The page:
What is it?

Fire sprinkler system is an active fire protection measure, consisting of a water supply, providing adequate pressure and flow rate to a water distribution piping system, onto which fire sprinklers are connected.

A fire sprinkler is the part of a fire sprinkler system that discharges water when the effects of a fire have been detected, such as when a predetermined temperature has been reached.

Fire sprinkler application and installation guidelines, and overall fire sprinkler system design guidelines, are provided by the National Fire Protection Association (NFPA) 13, (NFPA) 13D, and (NFPA) 13R.

All new buildings now require installed sprinkler systems. Existing building are usually grandfathered (not required).


  • Annual Inspection of your Fire Sprinkler system
  • Annual Winterization (dry systems) – As the weather changes and temperature drops, your dry pipe system may experience condensation which may result in water accumulation in the sprinkler piping. This build up of water in the piping may be subject to freezing which could cause cracks or burst piping.
  • 3 year full flow trip test – Ensures adequate operation or dry pipe value and quick opening device (QOD), confirmation that water flows through the system efficiently to the end of line within 60 seconds

Types of Systems

Automatic Fire Sprinklers

These operate at a predetermined temperature, utilizing a fusible element, a portion of which melts, or a frangible glass bulb containing liquid which breaks, allowing the plug in the orifice to be pushed out of the orifice by the water pressure in the fire sprinkler piping, resulting in water flow from the orifice. The water stream impacts a deflector, which produces a specific spray pattern designed in support of the goals of the sprinkler type (i.e., control or suppression).

Modern sprinkler heads are designed to direct spray downwards. Spray nozzles are available to provide spray in various directions and patterns. The majority of automatic fire sprinklers operate individually in a fire. Contrary to motion picture representation, the entire sprinkler system does not activate, unless the system is a special deluge type.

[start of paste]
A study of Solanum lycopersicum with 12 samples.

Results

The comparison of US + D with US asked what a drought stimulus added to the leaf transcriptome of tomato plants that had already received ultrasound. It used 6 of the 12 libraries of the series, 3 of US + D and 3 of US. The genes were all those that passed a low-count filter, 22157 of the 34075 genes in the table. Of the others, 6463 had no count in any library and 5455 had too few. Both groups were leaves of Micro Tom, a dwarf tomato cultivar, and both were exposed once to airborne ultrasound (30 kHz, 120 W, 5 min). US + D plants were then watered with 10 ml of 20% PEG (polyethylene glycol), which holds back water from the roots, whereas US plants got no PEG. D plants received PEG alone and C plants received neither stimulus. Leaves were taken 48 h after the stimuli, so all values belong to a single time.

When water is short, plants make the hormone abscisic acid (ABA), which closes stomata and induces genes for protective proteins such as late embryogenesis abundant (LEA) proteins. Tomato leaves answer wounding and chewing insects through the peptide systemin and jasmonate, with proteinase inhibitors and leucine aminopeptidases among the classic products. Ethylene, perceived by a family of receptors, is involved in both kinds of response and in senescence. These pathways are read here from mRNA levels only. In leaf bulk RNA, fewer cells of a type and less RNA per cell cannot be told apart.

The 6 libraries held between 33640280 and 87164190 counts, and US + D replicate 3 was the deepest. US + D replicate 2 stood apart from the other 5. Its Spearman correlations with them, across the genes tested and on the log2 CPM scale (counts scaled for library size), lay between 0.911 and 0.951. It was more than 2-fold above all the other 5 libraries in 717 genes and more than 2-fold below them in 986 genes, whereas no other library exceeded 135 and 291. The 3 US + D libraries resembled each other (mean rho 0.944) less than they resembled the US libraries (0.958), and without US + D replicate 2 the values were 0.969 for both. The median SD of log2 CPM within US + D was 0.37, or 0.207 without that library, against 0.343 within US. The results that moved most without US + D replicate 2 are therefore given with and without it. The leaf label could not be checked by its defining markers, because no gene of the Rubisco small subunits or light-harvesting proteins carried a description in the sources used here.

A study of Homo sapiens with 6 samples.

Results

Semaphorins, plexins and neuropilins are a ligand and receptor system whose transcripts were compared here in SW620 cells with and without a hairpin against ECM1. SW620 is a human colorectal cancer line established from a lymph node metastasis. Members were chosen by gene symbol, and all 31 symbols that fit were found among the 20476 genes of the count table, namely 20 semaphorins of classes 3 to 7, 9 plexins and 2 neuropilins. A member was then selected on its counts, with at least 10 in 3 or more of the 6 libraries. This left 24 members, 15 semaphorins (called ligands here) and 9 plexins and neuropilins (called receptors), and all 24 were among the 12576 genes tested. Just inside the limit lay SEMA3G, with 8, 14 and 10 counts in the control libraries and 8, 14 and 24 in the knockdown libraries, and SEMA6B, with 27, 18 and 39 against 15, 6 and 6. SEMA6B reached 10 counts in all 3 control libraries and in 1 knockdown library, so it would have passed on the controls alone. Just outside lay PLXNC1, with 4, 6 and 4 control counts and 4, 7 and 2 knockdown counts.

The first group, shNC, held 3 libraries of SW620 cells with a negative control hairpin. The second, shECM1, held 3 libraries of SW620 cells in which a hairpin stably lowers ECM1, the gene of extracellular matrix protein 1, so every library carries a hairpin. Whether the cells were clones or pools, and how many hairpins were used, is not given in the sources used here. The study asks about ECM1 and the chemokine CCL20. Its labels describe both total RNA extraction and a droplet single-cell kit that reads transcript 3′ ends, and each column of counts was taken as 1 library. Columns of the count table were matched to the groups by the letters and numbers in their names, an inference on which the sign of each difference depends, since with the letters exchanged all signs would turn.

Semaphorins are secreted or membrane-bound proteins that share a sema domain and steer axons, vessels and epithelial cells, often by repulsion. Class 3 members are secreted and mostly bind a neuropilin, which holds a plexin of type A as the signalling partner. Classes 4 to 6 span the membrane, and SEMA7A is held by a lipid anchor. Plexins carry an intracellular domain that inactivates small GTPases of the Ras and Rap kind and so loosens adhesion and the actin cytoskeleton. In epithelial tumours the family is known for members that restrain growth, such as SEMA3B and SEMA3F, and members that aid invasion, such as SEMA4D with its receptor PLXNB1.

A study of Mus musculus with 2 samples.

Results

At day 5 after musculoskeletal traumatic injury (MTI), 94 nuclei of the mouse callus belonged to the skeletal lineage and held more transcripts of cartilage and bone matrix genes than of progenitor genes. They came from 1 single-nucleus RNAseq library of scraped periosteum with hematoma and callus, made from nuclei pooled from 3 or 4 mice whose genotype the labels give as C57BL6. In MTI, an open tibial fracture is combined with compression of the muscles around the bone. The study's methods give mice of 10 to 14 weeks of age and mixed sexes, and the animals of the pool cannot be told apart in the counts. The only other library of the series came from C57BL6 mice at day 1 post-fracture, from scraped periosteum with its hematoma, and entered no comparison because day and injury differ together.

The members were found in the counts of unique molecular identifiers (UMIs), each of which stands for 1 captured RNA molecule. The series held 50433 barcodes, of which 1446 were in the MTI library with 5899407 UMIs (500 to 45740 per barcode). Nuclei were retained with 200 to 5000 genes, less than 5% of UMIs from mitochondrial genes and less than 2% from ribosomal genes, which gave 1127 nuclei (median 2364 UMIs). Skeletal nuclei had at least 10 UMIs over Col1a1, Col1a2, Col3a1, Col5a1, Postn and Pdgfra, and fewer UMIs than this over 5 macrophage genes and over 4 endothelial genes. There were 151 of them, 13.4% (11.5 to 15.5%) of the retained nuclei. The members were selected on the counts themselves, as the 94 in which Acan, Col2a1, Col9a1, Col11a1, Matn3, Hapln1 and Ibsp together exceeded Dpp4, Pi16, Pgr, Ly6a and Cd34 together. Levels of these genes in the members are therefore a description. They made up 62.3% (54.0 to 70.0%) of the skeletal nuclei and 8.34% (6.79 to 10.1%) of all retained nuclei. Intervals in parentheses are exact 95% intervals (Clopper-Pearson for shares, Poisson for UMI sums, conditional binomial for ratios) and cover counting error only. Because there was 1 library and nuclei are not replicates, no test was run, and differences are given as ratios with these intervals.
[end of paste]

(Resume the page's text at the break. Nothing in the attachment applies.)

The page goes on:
Open Orifice Sprinklers

These are only used in water spray systems or deluge sprinklers systems. They are identical to the automatic sprinkler on which they are based, with the heat sensitive operating element removed.

Automatic fire sprinklers utilizing frangible bulbs follow a standardized color coding convention indicating their operating temperature. Activation temperatures correspond to the type of hazard against which the sprinkler system protects. Residential occupancies are provided with a special type of fast response sprinkler with the unique goal of life safety.



How It Works

Step By Step

  • Each closed-head sprinkler is held closed by either a heat-sensitive glass bulb (see below) or a two-part metal link held together with fusible alloy (soldering material).
  • The glass bulb or link applies pressure to a pip cap which acts as a plug which prevents water from flowing until the ambient temperature around the sprinkler reaches the design activation temperature of the individual sprinkler. Because each sprinkler activates independently when the predetermined heat level is reached, the number of sprinklers that operate is limited to only those near the fire, thereby maximizing the available water pressure over the point of fire origin.
  • A sprinkler head will spray water into the room if sufficient heat reaches the bulb and causes it to shatter. Sprinkler heads operate individually. *Note the red liquid in the glass bulb*

Temperature Classification

Response Time Index (RTI)

The bulb breaks as a result of the thermal expansion (change in volume) of the liquid inside the bulb. The time it takes before a bulb breaks is dependent on the temperature. Below the design temperature, it does not break, and above the design temperature, it takes less time for higher temperatures. The response time is expressed as a response time index (RTI), which typically has values between 35 and 250 m½s½, where a low value indicates a fast response. Under standard testing procedures (135 °C air at a velocity of 2.5 m/s), a 68 °C sprinkler bulb will break within 7 to 33 seconds, depending on the RTI. The RTI can also be specified in imperial units, where 1 ft½s½ is equivalent to 0.55 m½s½.

From Table NFPA13 2007 Edition indicates the maximum ceiling temperature, nominal operating temperature of the sprinkler, color of the bulb or link and the temperature classification.

Maximum Ceiling Temperature Temperature Rating Temperature ClassificationColor Code (with Fusible Link) Glass Bulb Color
100°F / 38°C135-170°F / 57-77°COrdinaryUncolored or BlackOrange (135°F) or Red (155°F)
150°F / 66°C175-225°F / 79-107°CIntermediateWhiteYellow (175°F) or Green (200°F)
225°F / 107°C250-300°F / 121-149°CHighBlueBlue
300°F / 149°C325-375°F / 163-191°CExtra HighRedPurple
375°F / 191°C400-475°F / 204-246°CVery Extra HighGreenBlack
475°F / 246°C500-575°F / 260-302°CUltra HighOrangeBlack
625°F / 329°C650°F / 343°CUltra HighOrangeBlack

ESFR, or ESFR Sprinkler, denotes a special type of fire sprinkler. Early Supression Fast Response sprinkler heads were developed in the 1990s to take advantage of the latest fast-response fire sprinkler technology to provide fire suppression of specific high-challenge fire hazards. The sprinklers are specifically designed to fully suppress a fire that is within the design limits of the piping system. Prior to the introduction of these sprinklers, protection systems were designed to control fires until the arrival of the fire department.